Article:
Hudson’s recorded history began in the early 1600s, when a group of second-generation settlers, an offshoot of the Sudbury settlement, were granted land parcels. This small group of scattered residents lived peacefully with the native people until the mid 1600's, when King Philip, a Narragansett warrior tired of the newcomers’ intrusive rules, instigated a war against the European settlers. Fourteen settlements, including what is now Hudson, were burned to the ground. During the war, many tribe members, under suspicion of being sympathetic to King Philip’s cause, were moved to Martha’s Vineyard, where they lived out the war years. The original native families never returned to Hudson; the surviving family members were resettled in Natick after the war. As of 1675, the area was in the hands of the settlers, but the influence of the native tribes remains in the inherited rich language of place names.

The early homes of record in Hudson were associated with farming. The Goodale House is such a house and is the oldest known home in Hudson. This home was a part of the Underground Railroad in the 1800's, sheltering freedom-seekers behind a fireplace wall. There was a strong abolitionist movement in Hudson, with several local homes serving as stations in the Railway.

Many of the Town’s early buildings were burned in a 1894 fire that destroyed much of the downtown. Following the fire, citizens rallied and the entire town center was rebuilt. This area, lying along two heavily traveled thoroughfares containing routes 85 and 62, is now protected by the Silas Felton District Commission. The architectural significance of the Silas Felton District stems largely from the cohesiveness of the whole—it contains many fine examples of Colonial, Federal, Romanesque Revival and Victorian architecture along with newer harmonious structures built around the same time. The consistent style gives the center of town its distinctive character and makes it particularly interesting from an architectural standpoint. The dominant style of architecture in this area is Victorian (brick and stone) and includes homes of former leading citizens of the community, as well as churches and meeting halls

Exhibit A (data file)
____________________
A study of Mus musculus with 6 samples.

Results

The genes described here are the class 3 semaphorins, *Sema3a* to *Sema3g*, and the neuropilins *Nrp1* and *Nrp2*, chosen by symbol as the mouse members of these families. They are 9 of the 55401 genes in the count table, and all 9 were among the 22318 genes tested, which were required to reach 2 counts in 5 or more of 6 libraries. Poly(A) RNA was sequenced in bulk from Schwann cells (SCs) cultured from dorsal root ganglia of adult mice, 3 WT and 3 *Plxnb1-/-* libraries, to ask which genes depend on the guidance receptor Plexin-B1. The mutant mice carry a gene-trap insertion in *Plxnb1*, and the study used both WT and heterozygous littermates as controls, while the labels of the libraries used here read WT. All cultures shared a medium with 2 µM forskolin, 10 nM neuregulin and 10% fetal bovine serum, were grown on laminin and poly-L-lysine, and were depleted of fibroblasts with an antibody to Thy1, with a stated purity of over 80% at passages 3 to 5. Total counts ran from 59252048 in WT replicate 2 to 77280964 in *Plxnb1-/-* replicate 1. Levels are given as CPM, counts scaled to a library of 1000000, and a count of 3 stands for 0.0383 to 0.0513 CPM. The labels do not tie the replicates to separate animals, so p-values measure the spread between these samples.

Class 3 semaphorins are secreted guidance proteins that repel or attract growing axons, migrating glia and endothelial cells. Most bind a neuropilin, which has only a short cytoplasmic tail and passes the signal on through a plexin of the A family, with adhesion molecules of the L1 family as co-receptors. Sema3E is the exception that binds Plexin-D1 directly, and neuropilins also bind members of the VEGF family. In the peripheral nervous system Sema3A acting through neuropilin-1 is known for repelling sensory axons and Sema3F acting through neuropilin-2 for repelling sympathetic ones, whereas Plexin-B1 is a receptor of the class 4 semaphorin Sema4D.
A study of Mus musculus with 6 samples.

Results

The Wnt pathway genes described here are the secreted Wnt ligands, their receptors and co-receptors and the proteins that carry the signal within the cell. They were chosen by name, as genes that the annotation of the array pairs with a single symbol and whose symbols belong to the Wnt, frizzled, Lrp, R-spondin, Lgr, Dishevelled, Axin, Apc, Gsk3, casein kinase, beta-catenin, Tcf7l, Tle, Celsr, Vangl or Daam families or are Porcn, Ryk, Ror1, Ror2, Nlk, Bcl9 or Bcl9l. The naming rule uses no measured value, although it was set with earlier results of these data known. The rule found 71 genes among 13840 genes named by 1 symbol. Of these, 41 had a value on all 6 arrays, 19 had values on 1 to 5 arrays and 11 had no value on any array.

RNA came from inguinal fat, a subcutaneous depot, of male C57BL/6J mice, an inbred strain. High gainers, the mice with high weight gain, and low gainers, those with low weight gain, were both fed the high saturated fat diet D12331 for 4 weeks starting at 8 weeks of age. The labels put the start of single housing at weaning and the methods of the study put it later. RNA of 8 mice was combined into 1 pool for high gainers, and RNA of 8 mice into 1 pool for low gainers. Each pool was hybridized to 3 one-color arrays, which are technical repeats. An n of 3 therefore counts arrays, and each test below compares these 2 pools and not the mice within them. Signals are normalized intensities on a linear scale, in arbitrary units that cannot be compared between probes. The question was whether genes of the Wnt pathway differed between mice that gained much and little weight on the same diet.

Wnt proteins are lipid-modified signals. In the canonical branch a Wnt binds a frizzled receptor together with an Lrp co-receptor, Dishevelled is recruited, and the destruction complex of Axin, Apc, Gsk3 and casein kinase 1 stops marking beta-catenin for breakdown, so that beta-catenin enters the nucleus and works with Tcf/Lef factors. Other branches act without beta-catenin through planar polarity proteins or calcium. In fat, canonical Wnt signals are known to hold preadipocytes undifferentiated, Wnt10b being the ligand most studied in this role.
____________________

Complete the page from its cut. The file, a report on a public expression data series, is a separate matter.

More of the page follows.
Today, Hudson is a town in Middlesex County, Massachusetts, United States. The population was 18,113 at the 2000 census, and estimated to have reached about 19,580 in 2007. The town is located in central Massachusetts, about a 40 minute drive, or about 40 miles , west of Boston and about a 20 minutes' drive, or about 16.5 miles, northeast of Worcester.